Topic: Which literary villain is the best?
Even acknowledging the great diversity of ways a villain can be a good character, and the difficulty of finding a paragon of one such Way that can be judged higher than those of other Ways, the shortlist for this topic was easy to compile. The reason is simple: the best villains embody something that we instinctively realize as something we are Against, and thus the most powerfully-written or conceptualized baddies will become reference points for other evils we encounter, both in literature and real life. They are Memorable.
But different kinds of villain are Memorable for different reasons. The Golden Bookwyrm lays out three main criteria: slimeballness, cunning, and malicious intent. For Jubilare and Terpsichore, the best villains are the ones that are preeminently effective; perhaps so much that even after their defeat they retain a nightmarish power to influence people and invade a readers’ dreams. For Thalia and EmilyKazakh, the villain may not even think of himself or herself as evil, and may even masquerade as a member of the “good guy” team. For Urania, the best villain must be uniquely integral to the story’s plot and atmosphere; if you replaced him with another personality, the story would be fundamentally altered.
All these are common and excellent factors for making a villain great, but I think the most important is the one Urania mentioned – it must be impossible to imagine the story without them!
That doesn’t narrow my shortlist at all, though. I initially thought of Emperor Brandin, from Guy Gavriel Kay’s Tigana, who is magnificently complex and terrifying, precisely because his evil does not prevent him from being wise and genuinely caring for his people. One of the scariest parts of the story is when our heroes realize that the conquered citizenry are beginning to love the brutal tyrant, and may not support a heroic rebellion, instead letting Brandin get away with a grievous psychological war crime. His charisma, both in the book and as it extends to the reader, is considerable. But he is not quite archetypal enough for this post.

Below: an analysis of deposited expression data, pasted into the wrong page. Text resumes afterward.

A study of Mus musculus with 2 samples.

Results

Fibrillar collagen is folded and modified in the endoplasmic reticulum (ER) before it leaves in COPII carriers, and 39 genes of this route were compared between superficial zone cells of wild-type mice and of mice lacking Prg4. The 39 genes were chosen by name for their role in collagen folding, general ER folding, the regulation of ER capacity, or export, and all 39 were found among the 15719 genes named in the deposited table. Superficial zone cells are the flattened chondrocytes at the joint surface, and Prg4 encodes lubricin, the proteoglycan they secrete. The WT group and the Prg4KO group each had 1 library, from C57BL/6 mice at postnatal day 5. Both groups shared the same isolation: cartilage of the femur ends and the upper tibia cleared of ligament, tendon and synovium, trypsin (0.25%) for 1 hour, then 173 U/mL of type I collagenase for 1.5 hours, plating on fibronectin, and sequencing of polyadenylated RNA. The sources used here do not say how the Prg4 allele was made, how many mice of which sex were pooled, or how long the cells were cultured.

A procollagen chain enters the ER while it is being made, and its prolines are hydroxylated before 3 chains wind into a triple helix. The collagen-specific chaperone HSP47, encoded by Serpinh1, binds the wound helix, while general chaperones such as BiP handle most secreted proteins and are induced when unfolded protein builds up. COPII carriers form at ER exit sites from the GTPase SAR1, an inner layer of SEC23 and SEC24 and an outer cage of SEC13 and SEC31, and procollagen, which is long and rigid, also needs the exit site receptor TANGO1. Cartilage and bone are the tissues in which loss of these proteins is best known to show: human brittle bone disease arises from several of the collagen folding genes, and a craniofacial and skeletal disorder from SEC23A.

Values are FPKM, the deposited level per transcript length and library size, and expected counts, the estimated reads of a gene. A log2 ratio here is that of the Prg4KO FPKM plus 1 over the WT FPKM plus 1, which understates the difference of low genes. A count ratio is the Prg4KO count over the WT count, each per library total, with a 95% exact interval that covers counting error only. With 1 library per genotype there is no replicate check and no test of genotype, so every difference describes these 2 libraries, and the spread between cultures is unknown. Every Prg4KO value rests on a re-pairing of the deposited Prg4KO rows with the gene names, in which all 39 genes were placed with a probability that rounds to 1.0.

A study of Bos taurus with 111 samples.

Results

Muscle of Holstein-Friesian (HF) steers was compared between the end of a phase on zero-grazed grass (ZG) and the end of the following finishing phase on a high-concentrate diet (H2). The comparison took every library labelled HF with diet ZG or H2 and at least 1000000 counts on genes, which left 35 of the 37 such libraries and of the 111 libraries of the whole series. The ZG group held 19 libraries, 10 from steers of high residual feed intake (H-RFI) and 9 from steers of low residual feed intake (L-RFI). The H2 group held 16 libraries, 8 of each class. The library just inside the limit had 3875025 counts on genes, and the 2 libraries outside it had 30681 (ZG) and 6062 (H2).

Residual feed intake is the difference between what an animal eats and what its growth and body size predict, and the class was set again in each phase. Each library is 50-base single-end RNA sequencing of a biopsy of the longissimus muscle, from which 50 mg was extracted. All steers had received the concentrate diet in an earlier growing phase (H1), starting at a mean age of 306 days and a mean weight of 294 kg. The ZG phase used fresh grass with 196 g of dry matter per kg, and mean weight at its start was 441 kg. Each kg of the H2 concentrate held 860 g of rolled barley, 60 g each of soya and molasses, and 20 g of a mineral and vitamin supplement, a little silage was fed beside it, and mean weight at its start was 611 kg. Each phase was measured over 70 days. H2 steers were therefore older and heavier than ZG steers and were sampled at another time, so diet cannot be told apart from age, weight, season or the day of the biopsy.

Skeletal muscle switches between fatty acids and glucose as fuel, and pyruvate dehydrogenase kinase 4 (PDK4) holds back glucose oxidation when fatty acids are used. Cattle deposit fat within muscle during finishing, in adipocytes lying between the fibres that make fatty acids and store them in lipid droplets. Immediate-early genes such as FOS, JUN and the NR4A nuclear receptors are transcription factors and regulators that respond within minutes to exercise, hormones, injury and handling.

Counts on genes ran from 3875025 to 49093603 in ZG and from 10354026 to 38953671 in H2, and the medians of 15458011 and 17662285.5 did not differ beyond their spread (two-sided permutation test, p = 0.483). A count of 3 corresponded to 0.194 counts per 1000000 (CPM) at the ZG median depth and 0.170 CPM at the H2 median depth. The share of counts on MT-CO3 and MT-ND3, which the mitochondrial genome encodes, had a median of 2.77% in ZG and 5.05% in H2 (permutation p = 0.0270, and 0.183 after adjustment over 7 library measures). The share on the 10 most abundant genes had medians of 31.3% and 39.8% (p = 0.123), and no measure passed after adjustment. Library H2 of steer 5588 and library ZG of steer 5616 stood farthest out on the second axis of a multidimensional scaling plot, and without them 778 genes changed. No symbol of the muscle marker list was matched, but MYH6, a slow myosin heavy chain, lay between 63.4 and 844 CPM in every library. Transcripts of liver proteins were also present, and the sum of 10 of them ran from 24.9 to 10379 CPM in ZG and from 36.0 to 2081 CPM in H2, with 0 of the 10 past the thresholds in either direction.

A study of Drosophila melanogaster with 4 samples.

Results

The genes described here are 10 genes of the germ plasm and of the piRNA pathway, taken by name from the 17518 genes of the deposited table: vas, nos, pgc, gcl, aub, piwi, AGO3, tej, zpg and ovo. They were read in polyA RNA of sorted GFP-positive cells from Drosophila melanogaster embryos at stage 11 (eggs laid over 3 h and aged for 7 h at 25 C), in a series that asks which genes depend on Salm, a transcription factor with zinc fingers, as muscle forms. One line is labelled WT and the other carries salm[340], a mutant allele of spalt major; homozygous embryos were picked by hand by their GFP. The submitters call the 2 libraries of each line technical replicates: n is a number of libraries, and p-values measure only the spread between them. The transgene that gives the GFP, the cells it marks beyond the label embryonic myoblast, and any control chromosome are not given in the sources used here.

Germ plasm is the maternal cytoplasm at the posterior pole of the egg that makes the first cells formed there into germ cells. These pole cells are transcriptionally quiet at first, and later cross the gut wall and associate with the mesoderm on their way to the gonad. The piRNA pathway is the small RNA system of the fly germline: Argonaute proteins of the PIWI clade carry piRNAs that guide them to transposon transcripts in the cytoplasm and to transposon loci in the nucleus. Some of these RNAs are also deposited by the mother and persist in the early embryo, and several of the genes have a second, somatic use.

Then I thought of Long John Silver from Robert Louis Stevenson’s Treasure Island (a review of which has been in the works for a few months now…*guilty cough*), whose literary greatness is proven by his continued popularity, but whose main weakness in this category is that he ends the story rather humiliated and ineffective, and wouldn’t stand much of a chance against any of the other villainous candidates. Not enough to stop him from being near the top of my list, but enough to give me an excuse for passing him over just now.
In fact, I nearly had to just copy Urania’s post, for when she chose Captain Hook, it seemed so blindingly obvious that for awhile I could contemplate no other choice. Dastardly villainous and always entertaining, Hook truly is an archetypal figure from children’s nightmares, who is perfectly suited to his story. After all, what would the world be like without Captain Hook?
Indeed, my final choice is one I consider to be Captain Hook’s equal in Magnificent Villainy. She haunts you and the protagonists long after her initial defeat, she can use subtle manipulation and brute force equally well, and she nearly wins by charisma alone. Yet what wins her this topic for me is how well she represents the nature and end of Sin.
She’s the White Witch from Lewis’ Chronicles of Narnia.
What else can I say about the White Witch, the self-proclaimed Queen of Narnia? She’ll wrap you in furs, serve you hot chocolate, and persuade you to betray your family to their deaths. She’ll nearly turn you to stone if you forget to call her “Your Majesty,” unless you have something she wants and don’t yet suspect her, whence she will abruptly act in a convincing manner both motherly and seductive – a disturbing combination when you realize it, but the danger is that many, like poor Edmund, don’t realize it until it’s too late. She even drove Father Christmas out of the world! Now that’s evil for you, folks.
Oh, and she also destroyed her entire homeworld by the uttering of a Deplorable Word, out of mere hatred for her sister. She would rather be queen of a murdered planet than live without power over others.
Her archetypal power comes from how well she embodies the nature of sin. Not only is it corrosive, hateful, and greedy, but it’s lonely, conniving, and desirous of appearing good. The White Witch looks attractive: her face is beautiful, her clothes stylish, her manner sometimes quite flattering and understanding. Her determination and strong charisma can be deceptively appealing even while you’re aware that she’s cold and cruel to her core. Yet one would be a fool to take her at her word, or to let themselves near her at all. She loves nothing, not even herself. She tries to salve her hatred with rebellion against everything good, against everything Aslan created. She wants to possess what she herself could not create.
Yet for all her rebellion and power, she is still bound by heavenly laws. She takes Aslan’s life in exchange for Edmund’s, but cannot prevent this from leading to Edmund’s salvation and Aslan’s resurrection. For all evil is but a cringing, pathetic thing in the light of the holy God. The White Witch, for however “cool” she seems when we read the books or watch the exciting movie adaptations, is really a desperate, dying, disgusting creature, incapable of anything good. She has lost from the beginning. It was written in the Deeper Magic by Emperor-Over-the-Sea Himself.